By Chief Joel F. Shults, Ed.D

For all of the attempts to chip away and police effectiveness – or even police existence – the real accountability for quality policing has always been as close as the nearest voting booth or local council meeting. One of the specters handing over the effort to destroy local law enforcement is that the vacuum will be replaced by federal law enforcement with no local accountability.

The idea of the police officer being a member of the public and the corollary that every member of the public has responsibility to maintain peace and order is an American essential. But are police officers truly equal to other citizens?

One example is how police officers are treated differently than other citizens is when they are victims of crime. Some will claim that police officers sign up for being assaulted and injured as part of their job. While it is true that officers expect that the nature of the work exposes them to such hazards, attacks are never to be taken likely. A survey by this writer showed a sharp contrast between how assaults and other crimes against non-law enforcement citizens are viewed by prosecutors. Nearly 80% of respondents report being treated differently than non-law enforcement victims of violent crime.

When a police officer uses force, they do so under well-defined law and policy. To use force without legal grounds places the act of restraint in the same category of any citizen offender. Arrests are assaults and false imprisonment without the legal justification given police officers to take people into custody using appropriate force. There is now lawful justification for an arrested person to flee or resist a lawful arrest. Therefore, any act of resistance not only meets the definition of assault, but further is violation of separate laws defining resisting arrest or interfering with an officer. The law not only defines the criminal act of assault on an officer, but specifically requires submission to a lawful arrest.

All states have laws that guarantee the rights of crime victims who cooperate with the investigation of certain classes of crime. Many of those states have those crime victim rights enshrined in their state’s Constitution. There is no hint in any of those laws that police officers have no protection as crime victims.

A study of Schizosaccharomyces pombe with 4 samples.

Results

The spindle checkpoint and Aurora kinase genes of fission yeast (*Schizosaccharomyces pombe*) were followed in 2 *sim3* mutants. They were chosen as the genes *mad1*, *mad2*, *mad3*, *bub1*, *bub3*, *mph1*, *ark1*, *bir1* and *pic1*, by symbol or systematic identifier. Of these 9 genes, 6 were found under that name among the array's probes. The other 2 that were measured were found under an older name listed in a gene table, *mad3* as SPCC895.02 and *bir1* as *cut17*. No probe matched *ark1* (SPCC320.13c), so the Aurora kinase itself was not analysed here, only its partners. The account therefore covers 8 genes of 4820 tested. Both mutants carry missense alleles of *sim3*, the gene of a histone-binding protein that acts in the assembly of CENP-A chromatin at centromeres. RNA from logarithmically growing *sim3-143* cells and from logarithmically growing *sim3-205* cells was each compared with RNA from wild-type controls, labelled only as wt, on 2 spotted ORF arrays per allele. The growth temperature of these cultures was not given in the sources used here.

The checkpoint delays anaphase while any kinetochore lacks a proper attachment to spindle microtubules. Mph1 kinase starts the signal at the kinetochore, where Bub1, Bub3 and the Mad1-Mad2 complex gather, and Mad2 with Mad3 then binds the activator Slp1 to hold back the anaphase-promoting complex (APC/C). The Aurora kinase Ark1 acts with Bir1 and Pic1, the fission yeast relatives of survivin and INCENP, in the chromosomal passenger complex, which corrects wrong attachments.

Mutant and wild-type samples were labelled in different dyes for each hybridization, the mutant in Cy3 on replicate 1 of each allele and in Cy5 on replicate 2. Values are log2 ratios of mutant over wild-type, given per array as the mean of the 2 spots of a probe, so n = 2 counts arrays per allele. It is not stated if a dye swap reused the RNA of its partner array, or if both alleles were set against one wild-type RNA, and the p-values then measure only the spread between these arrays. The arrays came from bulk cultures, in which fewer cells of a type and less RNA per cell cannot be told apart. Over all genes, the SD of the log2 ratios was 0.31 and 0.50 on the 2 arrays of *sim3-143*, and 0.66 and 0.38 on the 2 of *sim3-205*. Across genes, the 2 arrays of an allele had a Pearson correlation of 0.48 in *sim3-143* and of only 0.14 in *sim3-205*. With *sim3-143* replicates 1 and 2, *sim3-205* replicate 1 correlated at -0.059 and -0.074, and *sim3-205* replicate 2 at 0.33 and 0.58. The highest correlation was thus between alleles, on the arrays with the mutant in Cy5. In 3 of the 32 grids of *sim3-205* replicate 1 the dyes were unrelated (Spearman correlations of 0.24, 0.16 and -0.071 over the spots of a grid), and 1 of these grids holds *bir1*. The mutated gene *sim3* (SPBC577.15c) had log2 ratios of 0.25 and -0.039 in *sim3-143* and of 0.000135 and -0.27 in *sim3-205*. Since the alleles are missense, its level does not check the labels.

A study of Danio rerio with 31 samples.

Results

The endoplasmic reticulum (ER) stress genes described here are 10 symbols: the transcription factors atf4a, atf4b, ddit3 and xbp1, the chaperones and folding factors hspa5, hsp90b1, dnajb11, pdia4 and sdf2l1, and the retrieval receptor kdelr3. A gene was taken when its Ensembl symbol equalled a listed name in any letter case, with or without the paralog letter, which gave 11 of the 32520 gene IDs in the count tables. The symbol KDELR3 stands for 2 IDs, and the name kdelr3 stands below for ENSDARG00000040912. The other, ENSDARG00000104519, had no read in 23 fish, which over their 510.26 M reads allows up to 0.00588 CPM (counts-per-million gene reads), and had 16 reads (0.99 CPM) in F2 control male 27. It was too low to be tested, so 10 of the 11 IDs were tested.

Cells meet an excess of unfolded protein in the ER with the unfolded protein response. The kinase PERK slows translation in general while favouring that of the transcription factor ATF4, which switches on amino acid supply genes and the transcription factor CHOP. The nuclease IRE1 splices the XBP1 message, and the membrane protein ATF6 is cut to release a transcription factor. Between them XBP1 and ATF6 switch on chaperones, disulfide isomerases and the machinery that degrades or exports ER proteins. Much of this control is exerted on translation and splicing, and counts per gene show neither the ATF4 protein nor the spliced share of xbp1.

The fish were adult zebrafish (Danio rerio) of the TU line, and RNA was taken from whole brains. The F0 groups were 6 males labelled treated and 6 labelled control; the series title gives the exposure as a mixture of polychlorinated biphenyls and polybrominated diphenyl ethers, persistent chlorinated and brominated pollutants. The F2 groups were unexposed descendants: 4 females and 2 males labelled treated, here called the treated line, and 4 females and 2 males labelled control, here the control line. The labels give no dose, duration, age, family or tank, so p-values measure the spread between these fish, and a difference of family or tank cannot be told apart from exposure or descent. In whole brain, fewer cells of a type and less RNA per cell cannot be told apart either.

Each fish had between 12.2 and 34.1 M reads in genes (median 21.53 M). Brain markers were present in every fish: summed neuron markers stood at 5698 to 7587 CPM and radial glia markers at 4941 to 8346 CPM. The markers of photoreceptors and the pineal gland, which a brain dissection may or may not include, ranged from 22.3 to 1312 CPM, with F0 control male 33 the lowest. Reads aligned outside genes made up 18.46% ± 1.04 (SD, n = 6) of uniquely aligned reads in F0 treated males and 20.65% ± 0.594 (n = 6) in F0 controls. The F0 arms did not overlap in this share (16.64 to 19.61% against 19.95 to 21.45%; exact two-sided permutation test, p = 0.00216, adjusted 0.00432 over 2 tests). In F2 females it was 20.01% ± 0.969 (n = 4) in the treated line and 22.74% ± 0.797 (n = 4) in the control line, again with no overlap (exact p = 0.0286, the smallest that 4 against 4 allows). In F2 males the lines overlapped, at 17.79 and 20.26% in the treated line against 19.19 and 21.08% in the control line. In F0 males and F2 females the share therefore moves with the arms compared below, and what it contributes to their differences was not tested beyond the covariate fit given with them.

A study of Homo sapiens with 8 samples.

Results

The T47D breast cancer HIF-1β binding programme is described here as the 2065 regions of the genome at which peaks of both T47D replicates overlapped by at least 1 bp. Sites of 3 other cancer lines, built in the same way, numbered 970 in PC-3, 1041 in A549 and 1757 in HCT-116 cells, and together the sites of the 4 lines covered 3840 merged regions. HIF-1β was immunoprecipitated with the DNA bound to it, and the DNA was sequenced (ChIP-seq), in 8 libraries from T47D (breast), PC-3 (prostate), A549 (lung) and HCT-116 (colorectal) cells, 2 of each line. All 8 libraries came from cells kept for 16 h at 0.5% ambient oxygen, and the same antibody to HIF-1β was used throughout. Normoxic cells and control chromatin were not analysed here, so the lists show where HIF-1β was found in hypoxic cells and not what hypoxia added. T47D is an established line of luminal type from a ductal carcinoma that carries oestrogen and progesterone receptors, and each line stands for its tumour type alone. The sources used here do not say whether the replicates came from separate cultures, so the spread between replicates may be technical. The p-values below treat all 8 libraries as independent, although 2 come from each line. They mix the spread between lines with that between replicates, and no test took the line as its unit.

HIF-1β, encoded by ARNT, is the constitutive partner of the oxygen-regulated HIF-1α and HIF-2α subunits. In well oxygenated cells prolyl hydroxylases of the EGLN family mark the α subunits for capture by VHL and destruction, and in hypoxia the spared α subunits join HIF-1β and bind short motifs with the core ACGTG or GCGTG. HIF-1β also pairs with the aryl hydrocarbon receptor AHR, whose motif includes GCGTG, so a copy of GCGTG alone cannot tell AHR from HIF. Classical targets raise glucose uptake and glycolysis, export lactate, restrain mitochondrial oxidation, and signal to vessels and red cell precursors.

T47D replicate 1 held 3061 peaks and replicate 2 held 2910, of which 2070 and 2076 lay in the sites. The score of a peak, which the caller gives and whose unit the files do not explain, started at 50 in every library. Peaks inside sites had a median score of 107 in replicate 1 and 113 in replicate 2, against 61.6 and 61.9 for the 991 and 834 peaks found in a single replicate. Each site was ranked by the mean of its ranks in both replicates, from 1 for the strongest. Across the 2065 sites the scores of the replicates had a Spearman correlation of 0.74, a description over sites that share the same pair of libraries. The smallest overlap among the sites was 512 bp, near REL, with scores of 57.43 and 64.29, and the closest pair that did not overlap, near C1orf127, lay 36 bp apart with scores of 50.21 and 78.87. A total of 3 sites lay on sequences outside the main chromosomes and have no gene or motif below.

My survey indicates that within any 2 year period a significant percentage of police officers will face a deadly force decision, will be injured and require treatment with days lost from duty, and many will be injured but keep working and not report it because getting care and prosecuting their offenders meets so much resistance. Even before the current recruitment and retention crisis in law enforcement, these realities eat away at morale and enthusiasm among our law officers.

When an officer is assaulted, according to my survey, almost 1 in 4 have no other officer assigned to investigate their being a victim. Can any one imagine any other circumstance where a victim of a violent crime was the only person assigned to investigate? We also recognize that assaults on police occur during police activity that will be suspect to critics and prosecutors who are hostile to law enforcement. That means that an officer investigating their own victimization will have no objective third person to investigate that officers actions when the victim becomes the subject of an excessive force allegation. Nor will there be an objective third person to examine the circumstances of the assault as the victim officer works their way through the maze of worker’s compensation and civil litigation.

When offenders are prosecuted, 61% of officers stated that charges of assault on officers and resisting arrest are among the first charges dropped in a plea bargain. If an arrestee assaults an officer during a domestic violence or drug investigation and those charges are dropped, that does not mean that the assault on an officer charge should also be dropped!

Victim rights laws require information on compensation and mental health services for victims. They also require that victims be kept aware of hearings, releases from custody, plea bargains, and sentencing. Only 11% of officers report that they were offered crime victim compensation or any other victim services allowed by law. In addition, only 31% of officers were consulted about the charges against their offenders, and 45% of officers report that their cases were disposed of without notifying them.

While we’re reforming the justice system, how about we ensure justice for our police officers, too?